Walking to the river
‘Look! ‘I said as John and I walked to the river. ‘Oak apples!’
I stopped surprised at myself. ‘How do I know that’s what they are? How did I recognise them?’
I’m not English, I haven’t ever lived in the English countryside and I haven’t spent that many years in Europe. Where did that piece of knowledge come from? Walks in the countryside? A friendship with someone who had once been a shepherd? Or, most likely, a childhood in the company of Enid Blyton?
‘Oak Apple Day.’ contributed John.
‘What is Oak Apple Day about?’ I asked. John wasn’t sure but we both thought of King Charles, the apple of the cavaliers and his hiding place in the Oak Tree. So I picked the twiglet of oak apples and we did a Google search on our return from the river.
Oak Apples and Ink
Oak apples are galls caused by a tiny wasp. They are surprisingly attractive but the most interesting fact about them is that they are rich in tannin and were used to make oak gall ink with the addition of iron sulphate and gum arabic from Roman times until the twentieth century. Think for a moment about a natural process that begins with an insect egg and is developed by a simple artisanal craft that has made possible the recording of everything we know for hundreds of years as words and musical notations. Isn’t that extraordinary and miraculous?
Oak Apple Day
The 29th May 1660 was declared a public holiday to celebrate the restoration of the monarchy under King Charles the Second who had hidden from the Roundheads in an oak tree near Boscabel House. On this day everyone wore oak leaves. as a symbol of loyalty. This period of history was brought to life by Captain Marryat’s story The Children of the New Forest another book with a theme of nature that meant a great deal to me as a child.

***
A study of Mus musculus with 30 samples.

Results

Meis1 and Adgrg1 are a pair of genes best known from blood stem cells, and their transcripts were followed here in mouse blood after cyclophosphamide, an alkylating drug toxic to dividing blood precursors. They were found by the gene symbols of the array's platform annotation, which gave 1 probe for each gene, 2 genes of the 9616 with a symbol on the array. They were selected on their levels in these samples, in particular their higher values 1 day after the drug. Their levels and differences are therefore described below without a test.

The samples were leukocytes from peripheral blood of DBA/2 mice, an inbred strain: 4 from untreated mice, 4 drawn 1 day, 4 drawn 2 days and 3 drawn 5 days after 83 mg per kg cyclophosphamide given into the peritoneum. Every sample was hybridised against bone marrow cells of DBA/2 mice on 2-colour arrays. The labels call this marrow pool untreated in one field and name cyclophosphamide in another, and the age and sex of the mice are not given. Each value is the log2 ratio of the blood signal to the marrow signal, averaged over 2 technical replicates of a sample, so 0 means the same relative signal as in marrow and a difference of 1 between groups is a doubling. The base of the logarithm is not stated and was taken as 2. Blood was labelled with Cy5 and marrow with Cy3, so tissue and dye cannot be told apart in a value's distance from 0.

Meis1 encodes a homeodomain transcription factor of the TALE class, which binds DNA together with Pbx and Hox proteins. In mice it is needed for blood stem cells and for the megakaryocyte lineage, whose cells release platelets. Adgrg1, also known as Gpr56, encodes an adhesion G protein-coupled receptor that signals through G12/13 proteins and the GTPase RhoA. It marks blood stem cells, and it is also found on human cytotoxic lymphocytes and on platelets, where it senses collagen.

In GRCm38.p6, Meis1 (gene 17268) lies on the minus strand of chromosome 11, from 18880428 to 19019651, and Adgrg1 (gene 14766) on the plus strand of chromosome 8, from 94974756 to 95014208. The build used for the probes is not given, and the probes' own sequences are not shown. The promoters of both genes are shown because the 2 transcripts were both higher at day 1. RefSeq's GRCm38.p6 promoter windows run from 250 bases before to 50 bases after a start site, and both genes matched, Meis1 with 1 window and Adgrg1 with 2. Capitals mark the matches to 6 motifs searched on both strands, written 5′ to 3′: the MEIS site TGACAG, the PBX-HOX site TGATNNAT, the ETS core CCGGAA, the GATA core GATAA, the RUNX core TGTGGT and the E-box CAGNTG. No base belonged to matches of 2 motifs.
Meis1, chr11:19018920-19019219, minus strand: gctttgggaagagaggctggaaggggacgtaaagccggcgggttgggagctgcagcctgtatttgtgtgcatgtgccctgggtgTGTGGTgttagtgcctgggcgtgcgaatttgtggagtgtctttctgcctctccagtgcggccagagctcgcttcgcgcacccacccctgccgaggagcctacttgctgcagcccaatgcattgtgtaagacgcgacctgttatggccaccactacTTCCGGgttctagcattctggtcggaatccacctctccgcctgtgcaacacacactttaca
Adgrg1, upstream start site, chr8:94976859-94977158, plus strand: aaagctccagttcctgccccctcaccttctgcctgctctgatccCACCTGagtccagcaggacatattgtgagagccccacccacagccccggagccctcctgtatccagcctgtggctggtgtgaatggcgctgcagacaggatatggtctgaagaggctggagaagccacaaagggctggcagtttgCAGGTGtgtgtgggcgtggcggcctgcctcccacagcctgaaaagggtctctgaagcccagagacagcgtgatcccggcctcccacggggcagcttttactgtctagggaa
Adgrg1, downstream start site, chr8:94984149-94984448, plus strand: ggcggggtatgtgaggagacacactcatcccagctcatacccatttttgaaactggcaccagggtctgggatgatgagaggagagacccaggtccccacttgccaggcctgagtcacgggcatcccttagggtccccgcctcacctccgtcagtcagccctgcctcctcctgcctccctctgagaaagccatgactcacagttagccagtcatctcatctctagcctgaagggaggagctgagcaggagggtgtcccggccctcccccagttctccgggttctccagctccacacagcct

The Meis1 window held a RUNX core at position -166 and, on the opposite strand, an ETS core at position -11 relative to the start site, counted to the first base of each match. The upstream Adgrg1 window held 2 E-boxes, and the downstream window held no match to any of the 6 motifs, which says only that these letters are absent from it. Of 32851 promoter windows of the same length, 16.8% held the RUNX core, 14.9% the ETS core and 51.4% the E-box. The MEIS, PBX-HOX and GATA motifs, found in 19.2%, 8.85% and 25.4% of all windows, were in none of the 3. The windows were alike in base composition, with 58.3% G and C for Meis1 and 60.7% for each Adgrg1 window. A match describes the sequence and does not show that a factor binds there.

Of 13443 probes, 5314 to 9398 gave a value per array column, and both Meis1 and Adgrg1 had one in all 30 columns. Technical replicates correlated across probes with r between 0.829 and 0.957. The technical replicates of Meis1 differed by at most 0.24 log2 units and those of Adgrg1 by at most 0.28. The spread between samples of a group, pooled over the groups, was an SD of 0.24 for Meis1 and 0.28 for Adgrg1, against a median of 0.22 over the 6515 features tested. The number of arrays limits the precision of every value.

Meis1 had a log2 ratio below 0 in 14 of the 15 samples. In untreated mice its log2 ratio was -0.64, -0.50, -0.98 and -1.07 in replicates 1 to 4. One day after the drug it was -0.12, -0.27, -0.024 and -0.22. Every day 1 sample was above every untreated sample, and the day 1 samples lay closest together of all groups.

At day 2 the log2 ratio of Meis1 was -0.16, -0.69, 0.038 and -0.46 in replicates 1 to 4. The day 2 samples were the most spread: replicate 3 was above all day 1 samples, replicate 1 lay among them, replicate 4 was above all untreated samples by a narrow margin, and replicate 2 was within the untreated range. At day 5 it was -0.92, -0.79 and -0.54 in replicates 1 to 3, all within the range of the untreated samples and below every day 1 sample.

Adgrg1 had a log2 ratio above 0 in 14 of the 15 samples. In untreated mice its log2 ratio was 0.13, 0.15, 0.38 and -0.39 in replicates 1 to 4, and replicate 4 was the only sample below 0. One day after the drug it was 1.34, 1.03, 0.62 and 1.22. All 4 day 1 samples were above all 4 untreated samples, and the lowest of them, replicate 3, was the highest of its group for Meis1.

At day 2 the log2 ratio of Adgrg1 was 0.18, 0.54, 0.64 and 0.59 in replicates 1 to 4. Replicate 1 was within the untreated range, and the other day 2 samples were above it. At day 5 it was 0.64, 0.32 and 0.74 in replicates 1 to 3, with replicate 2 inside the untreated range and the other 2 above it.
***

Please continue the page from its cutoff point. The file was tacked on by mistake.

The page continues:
And Enid Blyton and the countryside
Enid Blyton was a writer of her time like all writers are. Like all children, I grew up with books of the time of my childhood. There was an irony in that I lived physically in Africa and imaginatively in an English countryside with bluebells and robins until I was 10 years old. I wonder what Blyton’s stories would have been like if she had lived in colonial Africa? I’m very pleased that I can’t know that. I am very grateful to her, however, for instilling in me a real love of nature which inevitably led to my love for the wild places I’ve been fortunate to experience in Zambia.
I’m working on a new novel in which a character known as Spidermother comments:-
I am no longer real.
The moment I type a word onto the screen of my laptop I stop believing in its truth. There are too many words and they arrive so quickly and vanish so easily. When I began to write into the temporary space on a computer screen, when I realised that my immaterial words are stored in a cloud that has no physical presence, I began to realise that I no longer exist.
I want to write with pens that leak and smear and tear at the paper – I want to write down words that smudge when I touch them. I want to write words that I can scratch out with a line or scribble over in a fury.
I tap out the words of my ending and post a smile. At the end of this word. At the end of this page. At this, the ending. What will be left? What can survive? Who might read my words? Who will smooth down the paperless book, close the unmarked laptop and remember me, the ink-less writer of soundless type?